By Steven Greene


David was obviously very repentant, even though these few, simple words could hardly express the sorrow in his heart. However, what David said in verse 4 is not something most people understand. Some assume that David sinned against Uriah, because it was Uriah that was murdered. However, Uriah was dead and in the grave, and those who are dead know nothing (Eccl. 9:5). Furthermore, the Law did not originate with Uriah. God is the source of the Law. Uriah, if he were alive, could accuse David of breaking the Law, but Uriah could not claim that David sinned against him because David broke God’s Law, not Uriah’s. Because the Law originated from God (Rom. 7:7), sin is defined by God, which means that all sin is against God! 

Why is this distinction important? Notice the next verse: “Cast me not away from Your presence, and take not Your Holy Spirit from me” (Psa. 51:11). Knowing that our sins are against God is important because sin separates us from God. Notice what Isaiah the prophet said: “But your iniquities have come between you and your God, and your sins have hid His face from you, that He will not hear” (Isa. 59:2).

Uriah also has no authority to judge David. In other words, while David could have been convicted of breaking God’s Law and put to death, no man, including Uriah, has the authority to determine whether or not David loses out on eternal life. All sin is against God because God is the source of Law. He alone has the authority to determine who receives eternal life. This is why repentance toward God is crucially important; it is the only way to be reconciled to God. Notice how Paul describes the Corinthians when they zealously sought repentance from God: “For sorrow unto repentance before God works out salvation not to be repented of; but the sorrow of the world works out death. For see how this very thing—your personal sorrow before God—brought about such earnestness in you! And, what a defense, and what indignation, and fear, and vehement desire, and zeal, and vengeance! In every way you have proved yourselves to be pure in the matter” (II Cor. 7:10-11).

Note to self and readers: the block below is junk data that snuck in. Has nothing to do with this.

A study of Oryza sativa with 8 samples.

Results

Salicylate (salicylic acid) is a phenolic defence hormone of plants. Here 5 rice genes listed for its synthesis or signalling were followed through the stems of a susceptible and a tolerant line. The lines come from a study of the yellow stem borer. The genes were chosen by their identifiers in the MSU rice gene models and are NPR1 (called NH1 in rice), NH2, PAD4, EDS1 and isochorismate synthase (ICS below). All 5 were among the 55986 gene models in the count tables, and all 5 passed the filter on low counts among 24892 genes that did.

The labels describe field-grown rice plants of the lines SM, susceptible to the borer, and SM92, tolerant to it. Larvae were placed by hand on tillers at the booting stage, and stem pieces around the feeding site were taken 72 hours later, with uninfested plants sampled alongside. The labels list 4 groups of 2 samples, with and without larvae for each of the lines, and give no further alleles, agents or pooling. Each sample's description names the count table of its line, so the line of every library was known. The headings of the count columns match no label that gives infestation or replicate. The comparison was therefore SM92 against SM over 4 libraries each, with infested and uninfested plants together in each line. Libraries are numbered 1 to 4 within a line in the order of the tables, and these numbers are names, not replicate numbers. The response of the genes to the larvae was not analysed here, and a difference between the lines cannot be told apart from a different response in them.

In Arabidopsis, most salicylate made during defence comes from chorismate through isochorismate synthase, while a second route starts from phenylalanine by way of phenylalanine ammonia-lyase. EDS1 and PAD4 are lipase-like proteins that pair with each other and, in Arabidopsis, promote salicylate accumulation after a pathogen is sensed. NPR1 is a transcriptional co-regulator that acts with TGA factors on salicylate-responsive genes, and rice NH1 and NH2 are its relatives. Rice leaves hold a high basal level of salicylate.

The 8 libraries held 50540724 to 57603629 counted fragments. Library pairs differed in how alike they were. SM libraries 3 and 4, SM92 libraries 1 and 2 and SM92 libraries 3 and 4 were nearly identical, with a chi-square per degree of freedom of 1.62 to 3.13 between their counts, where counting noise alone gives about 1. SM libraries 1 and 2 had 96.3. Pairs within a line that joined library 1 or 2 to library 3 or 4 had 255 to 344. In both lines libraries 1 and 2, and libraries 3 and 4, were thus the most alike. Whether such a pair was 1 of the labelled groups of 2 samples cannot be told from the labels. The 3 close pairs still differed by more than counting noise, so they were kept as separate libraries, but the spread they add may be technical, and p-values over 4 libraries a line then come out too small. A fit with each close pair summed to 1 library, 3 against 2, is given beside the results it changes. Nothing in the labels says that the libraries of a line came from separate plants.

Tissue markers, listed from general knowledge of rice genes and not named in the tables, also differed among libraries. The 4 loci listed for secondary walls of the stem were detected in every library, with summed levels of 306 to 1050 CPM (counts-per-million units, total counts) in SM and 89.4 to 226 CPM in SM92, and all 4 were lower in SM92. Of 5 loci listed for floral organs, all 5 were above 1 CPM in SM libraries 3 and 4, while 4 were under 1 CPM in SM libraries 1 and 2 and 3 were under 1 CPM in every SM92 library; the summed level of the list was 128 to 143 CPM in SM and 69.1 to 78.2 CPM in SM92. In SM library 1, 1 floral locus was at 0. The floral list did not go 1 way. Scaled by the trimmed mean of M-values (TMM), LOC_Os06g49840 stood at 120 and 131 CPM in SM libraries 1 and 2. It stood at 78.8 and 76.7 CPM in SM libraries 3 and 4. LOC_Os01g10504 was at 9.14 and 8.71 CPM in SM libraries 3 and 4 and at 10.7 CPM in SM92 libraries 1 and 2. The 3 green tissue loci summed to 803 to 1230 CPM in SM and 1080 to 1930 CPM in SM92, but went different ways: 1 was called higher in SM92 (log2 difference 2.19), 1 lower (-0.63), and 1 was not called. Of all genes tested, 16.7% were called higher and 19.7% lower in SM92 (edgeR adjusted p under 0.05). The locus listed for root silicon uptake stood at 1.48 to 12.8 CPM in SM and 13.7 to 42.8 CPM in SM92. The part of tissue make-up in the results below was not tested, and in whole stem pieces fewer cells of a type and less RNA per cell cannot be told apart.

This is what David expressed in Psalm 51. He asked to be purged, washed, and cleansed. Even in those few words we can feel his sorrow and repentance. Likewise, we too must repent of sin with the kind of repentance God gives—one that allows for His forgiveness. “Now after hearing thisthey were cut to the heart; and they said to Peter and the other apostles, ‘Men and brethren, what shall we do?’ Then Peter said to them, ‘Repent and be baptized each one of you in the name of Jesus Christ for the remission of sins, and you yourselves shall receive the gift of the Holy Spirit’ ” (Acts 2:37-38).

Those who have God’s Holy Spirit do not need to ask what to do. We know! When we sin, we must turn to God in true sorrow, pray to have godly repentance, and ask for His forgiveness. How much forgiveness do we expect to receive if our repentance is nothing but a show? We need to consider that sin causes God to withdraw and separate from us. Our repentance is a measure of how much we desire to be reconciled to God and be in His kingdom.

At the Passover, God made Jesus to be sin for us and then abandoned His Son in the final moments before His death. If God cannot tolerate sin to the extent that He forsook His Son, imagine the chasm that can exist between us and God forour sins for which Jesus died!

We must realize that the purpose of overcoming sin through repentance is not to be justified in the Law; it is so that God will not cast us from His presence. Knowing this, then, we must be as David—who repented in heartfelt sorrow, sincere earnestness, and fear with all desire to overcome. We must be like the Corinthians in zealous repentance—because we desire above all things to stand before God’s throne, now and forever.